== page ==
A comment from the back of the public library auditorium in Greenfield brought the house down with applause — "Tell the governor we do not want this road."

The same citizen made two other points in his allotted three minutes that again garnered near unanimous agreement: "We don't always use money as the gauge of economic development. We value the rural quality of life here in Hancock County."

Now, those are Hoosier values.

So went the meeting — the first conducted by the Indiana Department of Transportation (INDOT) to hear comments about the proposed Indiana Commerce Connector (ICC). The boisterous crowd was in no mood to hear the usual blather from the county economic development director who kicked off the public comment period. After a chorus of cat calls of "three minutes," he sat down.


Two days after the November election, Governor Mitch Daniels announced the ICC proposal as a means to improve Indianapolis traffic and boost economic development in the surrounding counties. This was in spite of a 2005, $850,000 INDOT commissioned study which concluded that such a beltway would not generate much economic growth or relieve congestion on interstate highways in Indianapolis.

The highway would be constructed as a public-private partnership -- a detestable term shortened to 3P by the state boys — and the up-front lease money would pay for the completion of I-69.

In the cocky style that only Mitch can deliver, he emphasized that this project would be financed by his favorite revenue source: "other peoples' money." Meanwhile, Indiana Toll Road users are paying back $120 billion to a private operator for a one-time payment of $3.8 billion. Whose money?


The 75-mile rural toll road -- a new terrain highway -- would connect I-69 near Pendleton and sweep through six of the donut counties around Marion County, passing near Martinsville and terminating at I-70 near the Indianapolis Airport. Hell, this is I-69!

The perplexing problem of getting I-69 traffic -- estimated at 40,000 cars per day -- around Indianapolis had been solved. After all, that was a condition placed on the project by the Federal Highway Administration that, heretofore, had never been addressed publicly.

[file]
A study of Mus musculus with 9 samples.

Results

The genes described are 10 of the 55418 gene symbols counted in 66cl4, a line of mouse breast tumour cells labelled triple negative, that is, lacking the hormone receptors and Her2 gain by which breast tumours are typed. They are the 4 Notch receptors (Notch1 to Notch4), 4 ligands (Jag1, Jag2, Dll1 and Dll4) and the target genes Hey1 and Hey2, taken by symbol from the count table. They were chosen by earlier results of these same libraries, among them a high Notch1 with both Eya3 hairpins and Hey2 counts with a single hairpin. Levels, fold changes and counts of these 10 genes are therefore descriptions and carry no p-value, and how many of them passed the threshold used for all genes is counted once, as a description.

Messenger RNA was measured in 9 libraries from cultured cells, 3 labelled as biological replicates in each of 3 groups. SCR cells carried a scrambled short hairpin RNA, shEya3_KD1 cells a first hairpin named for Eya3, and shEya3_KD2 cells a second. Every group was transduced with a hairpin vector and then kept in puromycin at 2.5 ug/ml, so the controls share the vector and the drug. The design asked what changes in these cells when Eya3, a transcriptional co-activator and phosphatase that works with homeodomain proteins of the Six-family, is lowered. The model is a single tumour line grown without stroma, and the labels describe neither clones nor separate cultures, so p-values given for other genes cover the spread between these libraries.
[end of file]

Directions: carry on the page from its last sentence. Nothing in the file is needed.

Imagine the creativity of "hardly anybody's man" Mitch in generating a scheme to build that part of I-69 as a private toll road in order to receive up-front money to pay for the rest of the NAFTA highway — Martinsville to Crane. It sounds like what someone termed "crapitalism."

Blood money from the lease of the Indiana Toll Road earmarked for construction of I-69 from Crane to Evansville — a cost of $900 million — is in the bank, according to INDOT.


Legislation authorizing the ICC, SB1, was the first bill out of the gate in this legislative session, when it was introduced by Senator Thomas Wyss. It would transfer tolling authority from I-69 to the ICC and to the Illiana Tollway, another 3P proposed for Northwest Indiana.

At the series of meetings, INDOT officials are playing dumb -- invoking "I don't know" often, including when asked of the highway's location. That is reason enough to be skeptical. And worried.

"If citizen input shows this doesn't make sense, we won't build it," Deputy Commissioner Gary Abell said. "We're at the beginning of the process."

Citizens of rural communities in the ICC path are buying none of the canard. And they are turning out — 250 in Greenfield, 350 in Shelbyville, 400 in Franklin. The comments are the same in all the venues -- about eminent domain, loss of farmland, a degraded quality of life that interstate highways bring, termination of county roads, splitting of farms and neighbors, increased air pollution, loss of tax base...

Some are memorable.

"My property is not for sale at the appraised value."

"Last year, Lt. Governor Skillman gave us a farming community award. This year they want to destroy our farmland."


Candidate Daniels emphasized that INDOT was the worst-run agency in the state. He has not changed that condition one iota. Secrecy, lies, half-truths and deceit are the norm.

There is even growing concern that the meetings are a smoke screen. Roman rulers staged events in the coliseum to divert the attention of citizens from the real issues. INDOT's diversion has replaced the lions with lies.

The governor has pointed out that these meetings were expected to draw opponents, and has insinuated that it has little effect. What else could he say when his minions reported such widespread opposition? Just as in the new terrain I-69 meetings, critics are marginalized.

After the last comment allowed by INDOT at the Greenfield meeting, a citizen rose and conducted a straw poll. "How many are for this road?" he shouted. I counted five hands.

At the Franklin meeting, a citizen commented, "I don't for one minute believe that the input I have tonight is going to change anything."

Steve Bonney can be reached at sustainableearth.steve@verizon.net.